No doubt seeing political trouble ahead, GOP Gov. Gary Herbert announced Thursday morning a new special commission to look into Utah public education standards, and requested an attorney general opinion to “make sure” that Utahns are in fact in control of education standards, and not the feared Big Brother federal government.
If it’s not a case of a politician asking for a study to get the wackos off his back, it’s close to it.
But who can blame Herbert?
The “black-helicopter” folks on the Utah Republican Party’s right wing have been blasting Common Core for several years.
The issue first hit Herbert on the side of the head just before the 2012 state GOP convention.
He eliminated all right-wing challengers then, but he found himself defending Common Core all the same to some upset delegates.
But Herbert has already said he plans to run for re-election in 2016, and House Speaker Becky Lockhart, R-Provo, businessman Jonathon Johnson, and other Republicans are looking to get in the race and challenge him.
So it’s best not to let the Common Core sore fester.
As UtahPolicy explained Wednesday, GOP House and Senate leaders are looking at one possible way to escape some of the political heat.
Herbert originally called his education press conference for Tuesday morning – to get ahead of legislative leaders.
But he postponed that event to Thursday morning after news broke about the arrests and charges against former attorneys general John Swallow and Mark Shurtleff.
Herbert will do several things over the next few months in an effort to “get us talking together instead of talking past each other”:
— Ask AG Sean Reyes to review all state and federal law concerning the state setting of educational standards, with an eye to ensuring that Utah – and Utah alone – has the power to do so.
— Set up a special educational standard review commission, headed by former higher education commissioner Rich Kendell, that will take testimony from all interested citizens, teacher associations, school board members and so on.
The group may recommend that some of the Common Core standards be kept, changed or removed.
Common Core — ironically a National Governors Association initiative, and Herbert will head the NGA next year – are a set of standards Utah adopted.
But for two years arch-conservative groups have been complaining about CC and how its tests are being implemented in public and charter schools.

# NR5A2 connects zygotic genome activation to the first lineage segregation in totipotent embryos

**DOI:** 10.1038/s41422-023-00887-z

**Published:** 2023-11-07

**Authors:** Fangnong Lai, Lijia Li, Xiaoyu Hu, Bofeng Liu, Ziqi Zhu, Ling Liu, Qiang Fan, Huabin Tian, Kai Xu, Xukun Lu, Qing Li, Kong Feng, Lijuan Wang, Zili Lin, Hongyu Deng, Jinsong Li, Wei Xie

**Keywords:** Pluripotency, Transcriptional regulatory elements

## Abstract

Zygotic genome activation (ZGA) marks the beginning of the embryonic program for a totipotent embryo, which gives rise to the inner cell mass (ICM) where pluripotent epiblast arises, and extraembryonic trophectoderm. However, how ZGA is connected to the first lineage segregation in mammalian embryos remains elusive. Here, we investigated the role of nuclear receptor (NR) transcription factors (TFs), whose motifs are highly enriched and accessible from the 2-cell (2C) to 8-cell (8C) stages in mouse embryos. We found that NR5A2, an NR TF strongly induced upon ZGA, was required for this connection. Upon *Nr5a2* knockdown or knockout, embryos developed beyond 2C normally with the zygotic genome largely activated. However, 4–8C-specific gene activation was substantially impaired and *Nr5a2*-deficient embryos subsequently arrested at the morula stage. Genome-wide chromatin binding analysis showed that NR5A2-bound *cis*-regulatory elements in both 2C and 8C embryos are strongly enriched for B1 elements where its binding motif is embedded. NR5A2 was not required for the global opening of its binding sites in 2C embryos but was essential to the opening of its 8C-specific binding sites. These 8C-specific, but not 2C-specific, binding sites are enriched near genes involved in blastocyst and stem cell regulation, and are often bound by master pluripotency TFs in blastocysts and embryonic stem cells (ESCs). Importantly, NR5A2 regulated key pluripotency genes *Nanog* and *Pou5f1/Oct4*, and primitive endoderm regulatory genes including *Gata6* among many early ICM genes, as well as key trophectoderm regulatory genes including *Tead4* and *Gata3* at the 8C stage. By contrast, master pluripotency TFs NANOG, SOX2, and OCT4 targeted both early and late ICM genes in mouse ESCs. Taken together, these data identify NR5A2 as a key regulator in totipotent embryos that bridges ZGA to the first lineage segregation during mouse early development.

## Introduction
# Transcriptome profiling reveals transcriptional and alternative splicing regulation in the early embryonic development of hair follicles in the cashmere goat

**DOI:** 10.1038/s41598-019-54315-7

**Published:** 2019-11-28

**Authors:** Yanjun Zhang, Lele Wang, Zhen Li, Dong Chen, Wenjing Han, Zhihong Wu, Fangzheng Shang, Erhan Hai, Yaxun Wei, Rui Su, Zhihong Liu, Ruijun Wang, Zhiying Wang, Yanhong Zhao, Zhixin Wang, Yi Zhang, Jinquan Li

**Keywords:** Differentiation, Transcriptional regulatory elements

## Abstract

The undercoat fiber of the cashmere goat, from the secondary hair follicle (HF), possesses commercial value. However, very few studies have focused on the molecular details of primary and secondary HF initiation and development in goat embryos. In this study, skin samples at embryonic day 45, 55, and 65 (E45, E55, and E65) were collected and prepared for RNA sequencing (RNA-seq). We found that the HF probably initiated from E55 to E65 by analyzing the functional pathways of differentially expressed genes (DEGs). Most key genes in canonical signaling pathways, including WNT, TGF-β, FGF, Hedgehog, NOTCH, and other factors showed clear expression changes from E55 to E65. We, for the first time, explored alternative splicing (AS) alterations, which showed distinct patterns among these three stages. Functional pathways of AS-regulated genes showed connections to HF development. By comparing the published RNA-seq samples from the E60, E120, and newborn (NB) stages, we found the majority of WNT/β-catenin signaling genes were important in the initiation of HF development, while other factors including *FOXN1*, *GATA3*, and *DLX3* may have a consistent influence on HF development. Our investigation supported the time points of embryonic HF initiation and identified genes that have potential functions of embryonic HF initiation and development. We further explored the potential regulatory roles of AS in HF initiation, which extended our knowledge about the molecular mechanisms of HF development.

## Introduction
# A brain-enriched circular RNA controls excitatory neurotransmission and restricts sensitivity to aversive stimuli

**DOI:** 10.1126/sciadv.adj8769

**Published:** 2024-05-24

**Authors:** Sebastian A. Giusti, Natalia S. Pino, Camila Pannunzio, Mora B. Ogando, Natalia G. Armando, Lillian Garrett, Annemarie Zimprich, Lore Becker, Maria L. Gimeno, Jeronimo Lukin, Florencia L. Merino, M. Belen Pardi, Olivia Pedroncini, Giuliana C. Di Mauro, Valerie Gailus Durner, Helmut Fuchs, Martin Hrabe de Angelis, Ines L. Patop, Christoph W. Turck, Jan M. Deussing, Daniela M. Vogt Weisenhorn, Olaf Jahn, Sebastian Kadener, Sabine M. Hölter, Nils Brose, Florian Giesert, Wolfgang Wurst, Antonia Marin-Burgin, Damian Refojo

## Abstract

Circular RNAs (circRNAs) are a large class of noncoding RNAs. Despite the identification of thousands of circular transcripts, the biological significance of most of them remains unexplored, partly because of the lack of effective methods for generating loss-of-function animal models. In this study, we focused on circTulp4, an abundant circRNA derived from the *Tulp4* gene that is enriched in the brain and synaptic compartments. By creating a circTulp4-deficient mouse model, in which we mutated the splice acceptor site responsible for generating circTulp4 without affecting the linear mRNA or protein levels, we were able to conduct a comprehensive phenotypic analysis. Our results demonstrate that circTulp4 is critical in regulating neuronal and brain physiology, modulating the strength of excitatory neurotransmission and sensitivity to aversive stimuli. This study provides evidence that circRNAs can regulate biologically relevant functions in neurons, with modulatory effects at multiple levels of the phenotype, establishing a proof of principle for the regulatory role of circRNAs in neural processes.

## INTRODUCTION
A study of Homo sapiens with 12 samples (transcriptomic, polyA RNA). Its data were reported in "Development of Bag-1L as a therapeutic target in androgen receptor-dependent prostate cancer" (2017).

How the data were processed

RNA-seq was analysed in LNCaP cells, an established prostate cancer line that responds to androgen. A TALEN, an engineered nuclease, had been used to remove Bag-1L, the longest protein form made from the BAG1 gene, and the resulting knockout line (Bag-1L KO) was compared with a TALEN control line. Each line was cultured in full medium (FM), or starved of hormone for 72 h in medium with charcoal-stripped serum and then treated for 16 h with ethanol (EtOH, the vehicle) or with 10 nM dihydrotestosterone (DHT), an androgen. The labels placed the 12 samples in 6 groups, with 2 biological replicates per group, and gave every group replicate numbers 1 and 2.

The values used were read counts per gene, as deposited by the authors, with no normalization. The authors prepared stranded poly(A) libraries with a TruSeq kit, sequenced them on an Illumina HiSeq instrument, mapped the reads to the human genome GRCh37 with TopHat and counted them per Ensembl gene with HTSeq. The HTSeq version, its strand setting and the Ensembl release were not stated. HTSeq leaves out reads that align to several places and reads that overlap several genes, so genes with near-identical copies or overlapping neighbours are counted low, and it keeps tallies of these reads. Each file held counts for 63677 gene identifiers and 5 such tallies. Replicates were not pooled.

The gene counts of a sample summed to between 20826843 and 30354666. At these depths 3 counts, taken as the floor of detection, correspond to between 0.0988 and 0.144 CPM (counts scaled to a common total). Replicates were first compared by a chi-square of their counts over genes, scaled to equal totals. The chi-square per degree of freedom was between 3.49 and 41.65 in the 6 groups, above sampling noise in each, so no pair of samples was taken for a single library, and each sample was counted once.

Herbert asks anyone and everyone to give “specific” recommendations on Common Core and any other educational standard opinions to this group.
— The governor also wants to make sure that all student data being electronically collected are safe and secure, and are not used inappropriately.
Again, with NSA data-mining operations in the news lately, Herbert is politically sensitive to the black-helicopter folks’ concerns that their children’s or grandchildren’s school data are not being looked at by federal bosses.
Herbert did NOT specifically back away from Common Core on Thursday.
But he clearly opened the door for that move after he gets his new study committee’s recommendations later this year.
Herbert bringing AG Reyes into issue is a cagey political move. Reyes is seen as a Tea Party/right winger by many on Capitol Hill.
Since it’s already pretty clear that Utah education officials are following state laws – which say the feds have no control over local public education – Reyes’ expected legal benediction will allow Herbert, in a month or so, to hold up Reyes’ legal opinion before TV cameras, saying Utahns don’t need to worry.
And the right-wingers should believe one of their own (Reyes that is, not Herbert).
Any state or local education official who is not following state law, and is doing the fed’s bidding, can then be flayed in the public square.
More than a few GOP lawmakers are taking a big collective sigh today – for they see Herbert’s move as another sign that with a bit more pressure they can push him over the CC rejection cliff.
“We’re not going to please the (political) extremes on either side,” Herbert said in answer to a journalist’s question.
“The 85 percent (of) reasonable people” in the middle “will feel good about the outcome” of his overall review of educational standards in Utah, the governor said.
The main goal of Reyes’ legal review will be to prove that Common Core or other fears that the feds are controlling testing, textbook buying, social engineering of children, or any other issue simply are not true.
Those are my words, not Herbert’s. But it’s clear to me that’s what the governor is getting at.
Now, as Herbert said, even with the Kendell report and Reyes’ legal opinion, there will be some folks and groups (yes, you, Eagle Forum) who won’t buy the explanations.
Only an outright rejection of all things Common Core will suffice.
The fears of Herbert and GOP legislative leaders, however, is that the CC disease is spreading, reaching out to parents and grandparents who normally don’t fly in the “black helicopters,” but may be starting to hear them circling over their homes and public schools.